A new study has revealed that a third of UK and European businesses remain uncertain of what their trademark registration strategy will be after the UK leaves the European Union.
Four questions have been referred to the CJEU which could lead to a landmark judgement on a trademark owners’ rights to stop resales. The decision may further enlarge the gulf between the UK and the EU's position on exhaustion post-Brexit.
Three amicus curiae briefs have been delivered to the US Supreme Court ahead of its long-anticipated ruling in USPTO v Booking.com. WTR spoke to two experts to see how these briefs may influence the United States' highest court.
Bulgaria's new law on trademarks and geographical indications entered into force on 17 December 2019. It brings significant changes to certain aspects of substantive and procedural law, including new absolute and relative grounds for refusal and cancellation.
An Indian court recently ruled that God's name was registrable as a trademark. We spoke to experts across four key jurisdictions about the different risks brands should be aware of before registering a religious name as a mark.
The existing AO system of protection is too restrictive to effectively act as a sui generis GI regime for many non-agricultural products, contends new research - which calls for the scaling up of a EU-wide Protected Geographical Indications scheme.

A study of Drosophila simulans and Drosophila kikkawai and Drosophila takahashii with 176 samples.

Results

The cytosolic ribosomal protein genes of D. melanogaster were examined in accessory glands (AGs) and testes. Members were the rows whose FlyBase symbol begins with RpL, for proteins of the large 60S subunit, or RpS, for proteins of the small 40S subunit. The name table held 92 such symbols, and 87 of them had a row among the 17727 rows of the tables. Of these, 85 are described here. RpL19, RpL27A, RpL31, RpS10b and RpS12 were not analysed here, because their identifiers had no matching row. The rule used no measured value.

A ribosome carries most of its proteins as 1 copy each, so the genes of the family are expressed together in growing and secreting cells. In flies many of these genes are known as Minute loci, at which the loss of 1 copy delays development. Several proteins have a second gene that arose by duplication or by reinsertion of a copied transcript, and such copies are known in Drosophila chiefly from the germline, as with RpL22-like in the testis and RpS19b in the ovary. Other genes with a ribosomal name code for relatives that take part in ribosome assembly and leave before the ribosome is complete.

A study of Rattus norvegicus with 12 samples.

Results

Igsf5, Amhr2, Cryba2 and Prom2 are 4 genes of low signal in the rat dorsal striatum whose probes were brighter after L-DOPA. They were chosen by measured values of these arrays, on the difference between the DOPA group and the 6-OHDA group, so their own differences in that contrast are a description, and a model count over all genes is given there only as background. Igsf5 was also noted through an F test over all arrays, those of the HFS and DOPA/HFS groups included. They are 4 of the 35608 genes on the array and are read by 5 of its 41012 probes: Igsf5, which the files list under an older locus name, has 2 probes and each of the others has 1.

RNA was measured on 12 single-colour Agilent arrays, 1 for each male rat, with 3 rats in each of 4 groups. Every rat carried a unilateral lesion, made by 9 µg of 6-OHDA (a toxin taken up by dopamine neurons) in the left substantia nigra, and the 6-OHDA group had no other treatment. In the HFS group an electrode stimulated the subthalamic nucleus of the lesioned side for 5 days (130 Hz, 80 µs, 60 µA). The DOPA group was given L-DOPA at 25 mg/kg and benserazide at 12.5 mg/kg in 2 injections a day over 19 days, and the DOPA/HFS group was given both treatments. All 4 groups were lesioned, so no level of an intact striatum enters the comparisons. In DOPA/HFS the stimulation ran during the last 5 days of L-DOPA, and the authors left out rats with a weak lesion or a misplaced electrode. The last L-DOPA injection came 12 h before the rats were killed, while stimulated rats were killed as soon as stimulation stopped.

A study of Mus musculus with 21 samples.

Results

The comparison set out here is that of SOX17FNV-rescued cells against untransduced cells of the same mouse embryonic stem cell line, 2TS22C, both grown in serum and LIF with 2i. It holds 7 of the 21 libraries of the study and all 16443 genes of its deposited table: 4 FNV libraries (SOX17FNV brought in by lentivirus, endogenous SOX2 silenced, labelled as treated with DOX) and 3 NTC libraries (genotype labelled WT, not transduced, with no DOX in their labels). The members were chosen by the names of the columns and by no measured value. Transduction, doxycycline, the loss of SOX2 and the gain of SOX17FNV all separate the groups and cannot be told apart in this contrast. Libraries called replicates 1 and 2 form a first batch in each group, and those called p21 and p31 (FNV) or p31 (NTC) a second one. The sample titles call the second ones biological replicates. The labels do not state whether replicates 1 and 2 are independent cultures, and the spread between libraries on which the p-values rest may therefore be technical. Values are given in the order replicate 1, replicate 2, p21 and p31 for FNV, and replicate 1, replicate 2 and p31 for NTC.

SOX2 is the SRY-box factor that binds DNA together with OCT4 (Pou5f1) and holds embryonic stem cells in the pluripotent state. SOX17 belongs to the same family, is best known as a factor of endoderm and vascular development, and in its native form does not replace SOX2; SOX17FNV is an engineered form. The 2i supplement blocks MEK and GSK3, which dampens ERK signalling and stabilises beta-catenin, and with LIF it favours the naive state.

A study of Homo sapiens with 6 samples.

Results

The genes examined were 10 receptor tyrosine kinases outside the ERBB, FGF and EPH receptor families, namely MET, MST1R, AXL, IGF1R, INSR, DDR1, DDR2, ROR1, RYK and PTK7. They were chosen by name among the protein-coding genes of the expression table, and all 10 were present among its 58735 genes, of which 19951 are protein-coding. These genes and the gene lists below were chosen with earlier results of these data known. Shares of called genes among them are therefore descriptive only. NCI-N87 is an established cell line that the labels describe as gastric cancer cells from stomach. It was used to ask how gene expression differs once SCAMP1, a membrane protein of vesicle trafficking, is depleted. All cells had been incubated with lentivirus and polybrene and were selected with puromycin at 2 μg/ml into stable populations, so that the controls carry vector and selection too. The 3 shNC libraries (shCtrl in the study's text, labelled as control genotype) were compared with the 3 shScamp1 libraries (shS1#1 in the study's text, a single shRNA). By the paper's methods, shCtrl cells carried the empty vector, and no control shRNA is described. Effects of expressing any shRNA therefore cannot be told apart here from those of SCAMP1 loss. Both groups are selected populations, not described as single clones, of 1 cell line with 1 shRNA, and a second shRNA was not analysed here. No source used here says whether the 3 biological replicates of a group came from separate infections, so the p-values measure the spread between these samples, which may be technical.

As a new decade dawns, World Trademark Review asks practitioners around the world for their top takeaways from 2019 and their predictions for the year ahead.
With space exploration travelling further than ever before and celestial vacations on the horizon, a rudimentary trademarks framework for Earth’s orbit, the moon and Mars is no longer light years away.
European and US case law suggests that there are very few situations in which use of a third party’s trademark in a hashtag is permissible. As a result, those looking to advertise on social media need to be aware of the strict rules that apply.
Whether concerned about bad-faith filing at the USPTO or seeking to benefit from US marks, the level of demand from Chinese entities has been a remarkable phenomenon over the past few years – as the filing data reveals.
Trademark experts offer insight into the advertising regimes in their respective jurisdictions and, crucially, how brands can avoid falling foul of the law.
There is an almost infinite amount of evidence that could be put forward to support a claim that a trademark has been used, but it has to be up to scratch. Failure to effectively prove use can have dire consequences – as the recent BIG MAC decision illustrates.
Any evidence of genuine use is likely to include invoices for products bearing the relevant mark, but what if there are no invoices? The recent BIG MAC case provides useful guidance on which alternative types of evidence are viewed most favourably by the courts and IP offices, and how best to present these.
The world’s most prolific trademark filer, Ikuhiro Ueda, has slowed his activity in recent months. Experts tell WTR that the slowdown will “recover reliability” in Japan’s trademark system, but there is uncertainty whether it is permanent.
Growth figures for China’s IP litigation are enough to give anyone a case of vertigo, with cases increasing at a faster rate than anywhere else on Earth. WTR talks to experts on how the Chinese courts are coping with that litigation demand.